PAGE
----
Non-Visible Imaging: Short-Wave Infrared (SWIR)
Welcome back to this series of blogs on non-visible imaging. This week we will be exploring the use of short-wave infrared (SWIR) imaging in machine vision systems, and our recommendations for component selection for a SWIR vision system.
Whether you’re interested in building your own machine vision system for a project, a commercial application, or are just interested in learning more about non-visible imaging for machine vision, we hope you enjoy it!
What is Short-Wave (SWIR) Imaging?
SWIR imaging refers to a range on the light spectrum between around 950-2500 nanometres (nm).
Visible and IR light spectrum.
Infrared imaging is generally very effective for obtaining visual detail below the surface of an object. It’s proved incredibly useful in machine vision as it’s possible to obtain information that just isn’t viable using visible light.
SWIR imaging is commonly applied in order to perform tasks such as identifying bruising in fresh produce such as fruit and vegetables, defect identification in silicon items, and detecting different types of plastic in waste and recycling industries.
So, how exactly does SWIR reveal these details and provide shortcuts in industrial imaging applications?
SWIR Imaging in Machine Vision Applications
SWIR light reacts differently with water at certain wavelengths, making concentrated moisture easier to detect.
Water absorbs shortwave infrared light in three regions: 1,400nm, 1,900nm, and 2,400nm. The more water there is, even within materials and objects, the darker the image will appear at these wavelengths.
Different moisture levels across the surfaces of fruit can indicate bruising, which means SWIR imaging has become a game changer in fruit and vegetable picking and sorting.
In the example above, normal wavelengths (left) are unable to detect any bruising but SWIR can detect bruising in the apples (right).
Different objects of a similar colour and shape can be hard to differentiate from each other when imaging with visible light.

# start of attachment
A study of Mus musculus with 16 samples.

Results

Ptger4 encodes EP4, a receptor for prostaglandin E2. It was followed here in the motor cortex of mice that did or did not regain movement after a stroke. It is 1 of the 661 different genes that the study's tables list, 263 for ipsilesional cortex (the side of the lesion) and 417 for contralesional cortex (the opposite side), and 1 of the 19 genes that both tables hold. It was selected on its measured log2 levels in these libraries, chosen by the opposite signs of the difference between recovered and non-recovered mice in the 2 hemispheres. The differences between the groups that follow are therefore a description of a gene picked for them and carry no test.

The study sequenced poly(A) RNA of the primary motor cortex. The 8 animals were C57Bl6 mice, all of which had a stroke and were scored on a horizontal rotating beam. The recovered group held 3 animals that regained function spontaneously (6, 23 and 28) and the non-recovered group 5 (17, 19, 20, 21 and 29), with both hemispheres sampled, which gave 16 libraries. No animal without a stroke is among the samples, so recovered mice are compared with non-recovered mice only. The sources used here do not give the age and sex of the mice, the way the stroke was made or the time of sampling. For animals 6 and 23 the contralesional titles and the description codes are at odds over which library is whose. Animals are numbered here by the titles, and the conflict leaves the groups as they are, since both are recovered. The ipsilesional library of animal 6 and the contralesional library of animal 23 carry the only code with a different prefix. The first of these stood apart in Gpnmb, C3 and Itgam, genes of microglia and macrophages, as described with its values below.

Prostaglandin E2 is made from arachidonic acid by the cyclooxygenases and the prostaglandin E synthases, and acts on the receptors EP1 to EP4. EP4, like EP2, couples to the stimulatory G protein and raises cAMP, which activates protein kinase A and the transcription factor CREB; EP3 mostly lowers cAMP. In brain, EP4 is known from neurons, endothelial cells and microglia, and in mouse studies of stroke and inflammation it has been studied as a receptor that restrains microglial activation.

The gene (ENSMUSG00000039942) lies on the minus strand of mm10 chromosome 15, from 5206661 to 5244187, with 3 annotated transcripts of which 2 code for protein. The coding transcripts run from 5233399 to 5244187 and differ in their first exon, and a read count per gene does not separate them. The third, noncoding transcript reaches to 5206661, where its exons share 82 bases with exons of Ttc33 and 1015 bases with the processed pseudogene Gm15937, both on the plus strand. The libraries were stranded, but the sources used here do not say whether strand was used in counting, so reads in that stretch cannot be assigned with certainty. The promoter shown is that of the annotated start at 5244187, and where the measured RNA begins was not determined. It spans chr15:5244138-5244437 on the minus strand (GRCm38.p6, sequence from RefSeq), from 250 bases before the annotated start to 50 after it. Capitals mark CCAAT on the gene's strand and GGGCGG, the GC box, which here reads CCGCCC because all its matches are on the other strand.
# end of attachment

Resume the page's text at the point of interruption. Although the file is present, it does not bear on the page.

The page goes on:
SWIR wavelengths are absorbed and reflected differently depending on the object’s material (right). This can be used to detect foreign objects that might overwise go undetected using visible light (left).
Different compounds that may look very similar under visible light tend to absorb SWIR wavelengths differently. In this example flour, baking soda, and sugar are aligned left to right.
By selecting a specific narrow band of the SWIR spectrum, it’s easy to distinguish between the various materials. This is well suited for application in the pharmaceutical industry where identifying different compounds with certainty is critical.
Extremely hot features “glow” in the shortwave-infrared part of the spectrum. This is the fundamental technology behind thermal imaging.
Certain materials do not change colour in the visible light spectrum as they heat up (as seen on the left). SWIR is much more sensitive to detecting temperature changes from 100°C to over 1600°C in objects (as seen on the right).
SWIR can be used to inspect silicon wafers as silicon becomes translucent at wavelengths around 1100nm to 1400nm (right). While visible light can be used to help detect issues on the front-side of the wafer (left), SWIR allows foreign objects or imperfections to show up more easily on both the front-side and back-side of the wafer.
Bandpass filters are a great way to ensure only SWIR light is reaching the sensor of your camera. MidOpt offer a really good range of machine vision filters, all of which are available through ClearView. Check out their dedicated SWIR filters page to learn more.
It’s really important to make sure that the camera, and more specifically the sensor, are suited to SWIR imaging.
As not all sensors are made for imaging outside the visible light spectrum, it’s important you get this right, otherwise your vision system will not get off the ground.
The best options in our opinion are offered by LUCID Vision Labs and PhotonFocus.
LUCID Vision Labs: Atlas SWIR Camera
LUCID’s Atlas SWIR IP67 camera is a GigE Vision PoE+ camera featuring wide-band and high-sensitivity Sony SenSWIR 1.3 MP IMX990 and 0.3 MP IMX991 InGaAs sensors, capable of capturing images across both visible and invisible light spectrums, and boasting a miniaturized pixel size of 5μm.
The camera’s capability of capturing on the short-wavelength infrared light spectrum opens up a world of industrial applications with greater precision in fruit inspection and sorting, packaging, IR microscopy, semiconductor inspection, material sorting and more.
LUCID Vision Labs have broken ground with this camera, as typically speaking SWIR resolutions are around VGA level (640x480px), whereas the model of this camera is able to image in 1280 x 1024px.
SWIR Cameras from PhotonFocus
PhotonFocus offer four SWIR models:
The camera MV3-D640I-M01-G2 (pictured above) is based on the Sofradir SNAKE InGaAs image sensors with CMOS read out. This InGaAs sensor with a full well capacity (FWC) of 1.44 Me- is optimized for high dynamic range applications and a high signal-to-noise ratio (SNR). The camera has a GigE interface.
This camera focuses on demanding applications in industrial image processing in the spectral range from 900 to 1700nm. Due to the global shutter, even high-speed applications with exposure times in the µs-area are possible.
Machine Vision Solutions for Non-Visible Imaging from ClearView Imaging
That’s it for this week’s blog post on Short-Wave Infrared (SWIR) Imaging. Stay tuned for our next blog on Medium-Wave Infrared (MWIR) Imaging!
Looking for machine vision components? Be sure to check out our great range of machine vision components over in our products section!